After being on vacation for a week, I feel a bit out of touch with some of the companies I hold. For most companies, it was an uneventful period, but a couple reported earnings. Among those is Kenneth Cole Productions (NYSE:KCP), and today's my day to catch up.

If I had to sum up Kenneth Cole's earnings in one word, I'd go with "weak." Sales, margins, and earnings were all down for the quarter, and the year wasn't much better. I wouldn't call the results a disappointment, because the company has been very clear that it's going through a transitional phase for the last couple of quarters and will be for at least a few more.

The story for next year is an old familiar song. The forecast is flat performance for the year, with soft performance in the first half and a pickup in performance in the second half. Since the company has a history of good performance, it's reasonable to believe that things will pick up. However, investors should always be a bit skeptical when the promised land is a couple of quarters away. Either way, the stock isn't expensive, but if the company doesn't live up to its own expectations -- or if the economy softens in the interim -- I wouldn't be surprised to see the shares get cheaper.

It all really boils down to whether the company's branding strategy will yield positive results. This involves focusing its Kenneth Cole Reaction products exclusively in department stores -- such as those operated by Federated Department Stores (NYSE:FD) -- and its Kenneth Cole New York-branded products in its own stores. Part of this strategy involves raising the quality and the pricing of the Kenneth Cole New York products. Early on, returns are mixed: Increases on men's woven shirts, women's handbags, and watches have gone well. Most other things have struggled a bit because the company believes the change was too quick for many customers.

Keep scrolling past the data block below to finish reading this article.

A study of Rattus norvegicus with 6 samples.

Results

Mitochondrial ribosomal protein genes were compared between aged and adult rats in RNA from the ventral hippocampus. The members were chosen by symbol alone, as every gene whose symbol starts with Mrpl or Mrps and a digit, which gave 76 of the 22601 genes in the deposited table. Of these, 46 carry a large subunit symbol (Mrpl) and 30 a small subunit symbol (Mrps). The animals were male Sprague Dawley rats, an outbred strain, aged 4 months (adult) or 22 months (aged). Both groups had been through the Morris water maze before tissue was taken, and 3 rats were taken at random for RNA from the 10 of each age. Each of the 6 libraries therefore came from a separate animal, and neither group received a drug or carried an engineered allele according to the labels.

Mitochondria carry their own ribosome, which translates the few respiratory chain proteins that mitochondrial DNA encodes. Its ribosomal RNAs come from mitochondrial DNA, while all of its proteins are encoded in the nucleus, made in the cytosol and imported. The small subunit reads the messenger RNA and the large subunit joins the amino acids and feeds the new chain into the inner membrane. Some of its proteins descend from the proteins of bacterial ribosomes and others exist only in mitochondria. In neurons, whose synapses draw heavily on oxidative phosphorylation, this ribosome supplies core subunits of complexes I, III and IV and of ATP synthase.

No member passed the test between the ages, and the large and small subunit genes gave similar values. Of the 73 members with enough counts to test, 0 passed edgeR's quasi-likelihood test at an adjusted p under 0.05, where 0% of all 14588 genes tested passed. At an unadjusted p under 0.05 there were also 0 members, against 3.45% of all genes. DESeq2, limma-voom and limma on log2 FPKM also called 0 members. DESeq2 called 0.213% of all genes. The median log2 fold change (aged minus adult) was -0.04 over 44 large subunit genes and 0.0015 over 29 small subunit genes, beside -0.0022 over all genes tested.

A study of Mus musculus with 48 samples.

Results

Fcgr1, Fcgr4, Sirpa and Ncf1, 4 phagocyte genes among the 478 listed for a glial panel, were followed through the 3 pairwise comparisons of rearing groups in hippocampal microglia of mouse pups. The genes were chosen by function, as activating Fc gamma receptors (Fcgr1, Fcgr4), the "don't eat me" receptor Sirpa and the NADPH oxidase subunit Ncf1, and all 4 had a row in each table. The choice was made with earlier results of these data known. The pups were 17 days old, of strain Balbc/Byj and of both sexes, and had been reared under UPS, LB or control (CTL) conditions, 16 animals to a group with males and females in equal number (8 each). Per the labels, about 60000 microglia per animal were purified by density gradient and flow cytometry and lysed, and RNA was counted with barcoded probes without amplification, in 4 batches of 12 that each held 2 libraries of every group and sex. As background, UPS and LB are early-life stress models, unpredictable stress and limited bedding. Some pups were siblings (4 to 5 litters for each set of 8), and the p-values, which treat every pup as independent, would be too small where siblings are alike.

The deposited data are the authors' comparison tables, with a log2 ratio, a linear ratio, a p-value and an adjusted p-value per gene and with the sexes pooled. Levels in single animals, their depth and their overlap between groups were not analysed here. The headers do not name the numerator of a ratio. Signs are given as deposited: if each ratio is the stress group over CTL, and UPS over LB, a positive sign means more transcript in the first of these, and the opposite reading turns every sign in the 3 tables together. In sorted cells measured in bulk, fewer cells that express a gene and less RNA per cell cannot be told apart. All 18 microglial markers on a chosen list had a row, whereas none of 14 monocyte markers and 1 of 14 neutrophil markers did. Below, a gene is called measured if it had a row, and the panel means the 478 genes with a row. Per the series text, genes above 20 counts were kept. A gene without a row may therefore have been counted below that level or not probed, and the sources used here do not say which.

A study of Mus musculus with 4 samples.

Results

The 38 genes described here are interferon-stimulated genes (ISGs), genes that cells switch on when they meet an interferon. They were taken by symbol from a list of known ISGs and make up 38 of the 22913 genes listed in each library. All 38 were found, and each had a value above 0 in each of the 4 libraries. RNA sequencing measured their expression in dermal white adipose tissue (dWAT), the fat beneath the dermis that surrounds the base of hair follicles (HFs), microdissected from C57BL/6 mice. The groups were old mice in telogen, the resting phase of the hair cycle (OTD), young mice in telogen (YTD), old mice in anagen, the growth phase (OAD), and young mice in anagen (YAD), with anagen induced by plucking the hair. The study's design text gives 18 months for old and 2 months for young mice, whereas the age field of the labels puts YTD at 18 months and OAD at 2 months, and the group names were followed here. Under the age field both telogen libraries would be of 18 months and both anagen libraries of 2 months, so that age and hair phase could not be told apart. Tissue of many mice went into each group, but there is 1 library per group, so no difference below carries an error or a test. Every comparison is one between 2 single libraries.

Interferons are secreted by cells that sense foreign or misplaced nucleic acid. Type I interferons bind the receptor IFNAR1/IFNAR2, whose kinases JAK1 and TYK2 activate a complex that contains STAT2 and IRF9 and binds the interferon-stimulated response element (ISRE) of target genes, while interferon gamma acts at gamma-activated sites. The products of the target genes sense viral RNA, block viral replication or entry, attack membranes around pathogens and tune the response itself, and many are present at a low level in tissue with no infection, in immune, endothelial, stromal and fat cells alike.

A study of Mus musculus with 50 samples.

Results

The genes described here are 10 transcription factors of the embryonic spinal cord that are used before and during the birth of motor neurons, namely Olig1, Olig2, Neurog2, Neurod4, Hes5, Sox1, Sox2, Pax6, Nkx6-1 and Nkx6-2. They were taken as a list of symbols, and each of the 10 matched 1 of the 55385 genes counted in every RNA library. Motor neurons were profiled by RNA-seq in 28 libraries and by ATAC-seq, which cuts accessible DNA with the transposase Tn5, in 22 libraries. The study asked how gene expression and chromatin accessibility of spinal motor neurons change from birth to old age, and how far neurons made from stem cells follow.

The strategy is an interesting one because it potentially takes the brand into the range of other aspirational brands such as Coach (NYSE:COH) and Kate Spade. It's not a small jump, but it can certainly work if the company is patient in building its brand up. Because of its strong balance sheet, Kenneth Cole has a little leeway to attempt this strategy -- so as long as the company is pragmatic, I don't think permanent damage will be done.

In the meantime, shareholders get a 2.6% dividend yield, and the company has increased its potential buyback opportunity to 2 million shares. The last time the company bought back many of its own shares was in 2000 and 2001. However, that was also the last time earnings took a dip, and on its conference call the company stated it would try to be opportunistic in returning value to shareholders via buybacks. This isn't the perfect investment yet, but the valuation and the potential make me think it's still a reasonable one.